This is the “new” book from Americana-UK’s very own Tim Newby. Those of you who read Tim’s regular column, ‘Americana Roots’ will already know he’s something of an authority on America’s bluegrass scene. In fact, Tim started writing for us following our review of his last book, “Leftover Salmon: Thirty Years of Festival”. Now Tim’s back with a book about the history of Bluegrass in the town he calls home, Baltimore.
I say “new” because this was actually Tim’s first book, originally published back in 2015 when it was met with considerable critical acclaim and was praised for the depth of the research that had gone into it. Now it’s back in a new pressing, re-vamped and re-promoted, to tie in with the author’s involvement in a new storyteller performance, that will celebrate the story of bluegrass migration and evolution, through narration and song, and is set to become part of the Baltimore tourist experience.
This book grew out of a magazine interview Tim conducted with the great Del McCoury. McCoury talked about his early days as a bluegrass musician in Baltimore and this got Tim thinking about the music and its connection to the city and he decided to research the history of that connection for this book, and it is a fascinating tale that is brought to life by Tim’s natural ability to tell a story.
Bluegrass music is more commonly associated with the Appalachian mountains and rural communities, which is where it originated, based on English, Irish and Scottish ballads and dance tunes often associated with clog and other rural styles of dancing. Inevitably, most forms of rural, folk-based music eventually migrate to the cities and that’s where they, often, take on a different form and develop in a different way, and that’s really what this book is all about.
Much as the Delta Blues musicians moving to Chicago developed a tougher, urban sound, the Bluegrass of Baltimore becomes more representative of a harder, urban environment than its country cousin. Through a series of interviews with musicians who have first-hand knowledge of the Baltimore scene, some of them going right back to the early 1950s, and through his own research into the history of various venues and meeting places, Tim Newby paints a colourful picture of an emerging set of folk enthusiasts who are intent on creating an exciting and hard-driving sound. Early in the book he has a quote from Mike Seeger, half brother of Pete and a recognised music folklorist, that really leaps out at you and makes you understand what an exhilarating time this must have been –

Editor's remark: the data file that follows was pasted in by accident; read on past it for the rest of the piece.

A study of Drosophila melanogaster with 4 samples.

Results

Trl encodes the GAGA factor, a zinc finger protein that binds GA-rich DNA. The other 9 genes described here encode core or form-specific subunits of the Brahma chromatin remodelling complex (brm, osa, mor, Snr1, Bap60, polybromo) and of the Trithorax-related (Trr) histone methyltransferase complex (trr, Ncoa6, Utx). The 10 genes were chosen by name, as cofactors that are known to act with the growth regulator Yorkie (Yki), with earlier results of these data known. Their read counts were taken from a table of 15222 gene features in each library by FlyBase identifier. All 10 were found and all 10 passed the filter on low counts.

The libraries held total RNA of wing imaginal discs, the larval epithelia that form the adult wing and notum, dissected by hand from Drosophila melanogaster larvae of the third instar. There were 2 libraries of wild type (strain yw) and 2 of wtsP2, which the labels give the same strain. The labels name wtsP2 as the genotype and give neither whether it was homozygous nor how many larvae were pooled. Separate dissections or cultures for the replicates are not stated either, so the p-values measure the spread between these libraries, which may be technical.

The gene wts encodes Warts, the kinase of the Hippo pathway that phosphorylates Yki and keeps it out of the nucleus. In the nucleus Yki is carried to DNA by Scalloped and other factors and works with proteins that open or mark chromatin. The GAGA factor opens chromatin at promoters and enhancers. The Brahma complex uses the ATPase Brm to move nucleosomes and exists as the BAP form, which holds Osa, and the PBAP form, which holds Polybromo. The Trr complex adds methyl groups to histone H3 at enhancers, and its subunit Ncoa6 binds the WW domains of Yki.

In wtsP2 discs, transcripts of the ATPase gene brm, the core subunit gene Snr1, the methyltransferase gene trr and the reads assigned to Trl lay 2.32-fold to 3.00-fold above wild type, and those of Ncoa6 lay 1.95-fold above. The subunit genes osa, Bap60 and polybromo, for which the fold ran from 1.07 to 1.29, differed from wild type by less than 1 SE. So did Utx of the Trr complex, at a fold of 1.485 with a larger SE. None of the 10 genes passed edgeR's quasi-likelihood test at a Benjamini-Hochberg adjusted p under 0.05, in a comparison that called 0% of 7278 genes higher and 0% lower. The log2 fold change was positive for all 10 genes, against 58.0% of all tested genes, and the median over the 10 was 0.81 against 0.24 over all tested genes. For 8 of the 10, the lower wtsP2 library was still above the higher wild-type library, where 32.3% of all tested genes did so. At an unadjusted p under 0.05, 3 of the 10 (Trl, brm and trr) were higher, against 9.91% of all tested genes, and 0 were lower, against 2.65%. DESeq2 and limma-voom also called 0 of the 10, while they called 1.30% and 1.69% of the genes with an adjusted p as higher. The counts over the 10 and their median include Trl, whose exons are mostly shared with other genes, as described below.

“We were quite conscious in Baltimore of being a place where the city and the country met. You’d have tough bluegrass bars, where the city people were the outsiders. You’d have bohemian parties, where the country people were the outsiders. It was a place where different classes and different cultures were meeting. It was a time of curiosity and discovery and friction and exhilaration.”
While there were other cities that can claim a vibrant bluegrass scene, Nashville of course, Washington D.C, even Detroit, reading this book it’s obvious that Baltimore had something special and provided adventurous musicians with a fertile ground for experimentation and development. This, after all, is the city that Bill Monroe would come to on recruitment drives for his own band (which is how he discovered Del McCoury!). The book concentrates mainly on the “golden age” of Baltimore Bluegrass, the 1950’s and 60s, the years when the Baltimore sound was really being established, but there is plenty of reference to significant developments in other years, and the author constantly connects with the modern-day bluegrass scene and how it has grown from these early beginnings. This book is full of great stories, concerning a host of larger-than-life characters who all helped to build a distinct sound in one of the most exciting musical genres around. There are plenty of photos throughout the book and the author also supplies recommended listening advice at the head of each chapter. This really is a very comprehensive book about the history of Bluegrass in Baltimore and the publishers should be congratulated on bringing it back into the spotlight at this time, with interest in the genre very much on the rise.
If you enjoy the sound of bluegrass then you’ll want to read this book for details of Baltimore’s contribution to the rich history of the music. If you’re not a fan of the music this is still a great read, because the musicians themselves are fascinating characters that really come to life through Tim Newby’s anecdotes.
An enjoyable book, well written. Much as you’d expect from an AUK writer!
Bluegrass in Baltimore is available in the UK from online sellers.